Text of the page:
Mother Knows Best
The word of the month is accountability. This fourteen-letter word and its conjugations have been holding feet to the fire for many people, including myself, of late.
Webster’s defines accountability as: an obligation or willingness to accept responsibility or to account for one's actions. This is one of the first lessons I remember as a child when Mom sternly asked, “Did you do this, young man?” From that point until today I have understood accountability.
Our Founding Fathers understood accountability when they sacrificed life and limb for liberty. Those of my parents’ age, who are referred to as the “greatest generation,” understood accountability, too. Doors could be left unlocked and keys in the car’s ignition because those who violated the trust of their neighbors were held accountable.
Everyone in every insurance agency, if employed for any length of time, has heard all excuses for why accidents are “not my fault.” These excuses are always cooked-up, unbelievable reasons including phantom drivers as the root cause of most single vehicle accidents. The all-time favorite of every agent is: “It was an act of God.”
Ultimately, The Almighty will hold each of us accountable someday, but it is very doubtful he has ever forced anyone to sideswipe a utility pole in either the light of day or on a cold rainy night.
Sadly, our society has chosen to escape personal accountability and instead to lay their self-generated problems on someone, or something, else such as government, their employers, other individuals or circumstance. This is the reason we live in such a nanny-state, with government intervention in our lives growing daily.
The results of the 2008 election showed us that the voting public held the Republican Party accountable for promises broken, abuses in power and mistakes that were made by many individuals. The electoral reaction was pretty much a mirror image of what happened to the Democrat Party in 1994.
Voters can only tolerate so much misinformation, broken promises and general Tom-foolery before a correction is demanded. The question is: Will the public vote wisely or solely from the emotion of the moment? Check out the History Channel…we are an emotional and high strung bunch.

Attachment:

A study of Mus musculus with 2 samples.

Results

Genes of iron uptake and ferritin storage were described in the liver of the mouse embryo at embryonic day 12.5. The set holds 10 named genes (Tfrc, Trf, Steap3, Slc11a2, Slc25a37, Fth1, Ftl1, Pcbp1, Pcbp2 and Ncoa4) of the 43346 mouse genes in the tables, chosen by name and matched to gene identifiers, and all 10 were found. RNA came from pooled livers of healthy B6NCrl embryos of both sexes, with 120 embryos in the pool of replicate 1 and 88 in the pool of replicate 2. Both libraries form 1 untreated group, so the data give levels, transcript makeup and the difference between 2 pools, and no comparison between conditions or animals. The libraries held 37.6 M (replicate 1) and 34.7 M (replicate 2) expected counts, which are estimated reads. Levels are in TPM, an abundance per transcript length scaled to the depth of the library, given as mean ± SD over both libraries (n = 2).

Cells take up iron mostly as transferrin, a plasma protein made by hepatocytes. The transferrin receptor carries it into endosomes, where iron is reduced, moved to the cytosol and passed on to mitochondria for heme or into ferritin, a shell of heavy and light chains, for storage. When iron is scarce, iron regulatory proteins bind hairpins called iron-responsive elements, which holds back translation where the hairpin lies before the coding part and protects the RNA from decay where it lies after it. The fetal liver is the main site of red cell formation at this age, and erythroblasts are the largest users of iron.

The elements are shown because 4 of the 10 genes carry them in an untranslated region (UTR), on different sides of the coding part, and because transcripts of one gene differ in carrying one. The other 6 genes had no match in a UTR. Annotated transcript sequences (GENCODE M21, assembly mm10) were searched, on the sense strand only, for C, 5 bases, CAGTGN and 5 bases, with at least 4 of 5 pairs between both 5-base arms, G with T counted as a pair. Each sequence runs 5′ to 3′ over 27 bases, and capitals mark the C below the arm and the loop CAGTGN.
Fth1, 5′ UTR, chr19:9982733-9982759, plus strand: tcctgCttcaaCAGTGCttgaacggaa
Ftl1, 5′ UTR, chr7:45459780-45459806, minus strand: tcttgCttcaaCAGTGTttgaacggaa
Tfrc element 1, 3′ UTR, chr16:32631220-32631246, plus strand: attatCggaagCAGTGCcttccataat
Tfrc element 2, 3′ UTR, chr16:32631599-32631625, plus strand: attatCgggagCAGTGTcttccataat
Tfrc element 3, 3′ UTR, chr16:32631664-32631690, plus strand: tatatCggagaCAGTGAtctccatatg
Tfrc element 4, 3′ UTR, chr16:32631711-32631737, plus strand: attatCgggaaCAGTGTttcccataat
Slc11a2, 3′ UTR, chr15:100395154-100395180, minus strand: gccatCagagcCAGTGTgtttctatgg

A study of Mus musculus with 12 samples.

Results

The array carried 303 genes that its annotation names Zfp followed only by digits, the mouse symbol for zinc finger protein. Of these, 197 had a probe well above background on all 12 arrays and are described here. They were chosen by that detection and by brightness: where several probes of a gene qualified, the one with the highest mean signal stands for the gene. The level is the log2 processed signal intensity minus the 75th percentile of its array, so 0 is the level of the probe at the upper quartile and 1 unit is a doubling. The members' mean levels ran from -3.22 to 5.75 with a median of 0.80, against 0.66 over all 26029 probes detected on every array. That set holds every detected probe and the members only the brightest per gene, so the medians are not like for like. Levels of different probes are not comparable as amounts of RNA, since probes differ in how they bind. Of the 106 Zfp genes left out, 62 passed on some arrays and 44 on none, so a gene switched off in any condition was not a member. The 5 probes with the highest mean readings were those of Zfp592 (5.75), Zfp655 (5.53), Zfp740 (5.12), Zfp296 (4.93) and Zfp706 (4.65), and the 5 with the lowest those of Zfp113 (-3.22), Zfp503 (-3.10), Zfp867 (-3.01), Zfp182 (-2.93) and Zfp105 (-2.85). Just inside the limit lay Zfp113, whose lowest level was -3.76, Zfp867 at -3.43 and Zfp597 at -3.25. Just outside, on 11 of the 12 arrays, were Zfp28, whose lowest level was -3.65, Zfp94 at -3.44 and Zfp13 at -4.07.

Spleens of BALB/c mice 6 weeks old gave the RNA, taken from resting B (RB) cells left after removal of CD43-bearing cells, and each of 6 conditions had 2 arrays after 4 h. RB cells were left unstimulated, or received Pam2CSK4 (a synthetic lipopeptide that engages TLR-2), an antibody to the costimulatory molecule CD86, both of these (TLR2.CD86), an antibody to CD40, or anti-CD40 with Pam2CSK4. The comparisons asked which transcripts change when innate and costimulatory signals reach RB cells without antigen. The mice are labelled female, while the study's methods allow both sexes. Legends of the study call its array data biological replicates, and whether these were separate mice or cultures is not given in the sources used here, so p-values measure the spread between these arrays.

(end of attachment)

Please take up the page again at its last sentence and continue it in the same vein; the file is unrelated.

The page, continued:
Leading up to the 2010 elections many political pundits are predicting another course adjustment; government and its intrusion is growing too rapidly. (Remember government by itself produces nothing and it costs you tax dollars.) The long tentacles of the Obama Administration reaching deep into the private sector have thrown up red flags everywhere.
The Reagan Democrats, many of whom are now unaffiliated voters, who resurfaced to vote for change, are feeling the hot breath of taxation knocking at the door of their retirement investments. Maybe change was good, but such a radical change…maybe not.
Perhaps voters are starting to experience the buyer’s remorse that comes from the knee-jerk reaction of impulse buying. Perhaps the change they expected was not the change they received; and everyone gets upset when they are short-changed! (A lesson I learned from my grandfather selling eggs.)
The Republican National Committee (RNC) has suffered the bitter punishment of election losses and is now working to find its level. Maryland Republicans have faith in the RNC because they know from prior experience that Chairman Michael Steele understands how to construct and execute a plan and will accept the responsibility and be held accountable as he meets those goals.
When economic times are tough, all problems seem to be exacerbated. This happens with families and their budgets as well as with political parties. The light in the RNC political tunnel is the fact that donations are on the rise; significantly. Investment is the first sign of the next change waiting on the horizon.
With money being the fuel, the Republican political engine will hold accountable elected officials; 2010 will be another year of change. We will soon see who has done their homework, who can account for their public trust, and who the people wish to keep in office.
Or maybe I’ll just have Mom call and ask them: “Did you do this?” Perhaps they will learn as I did.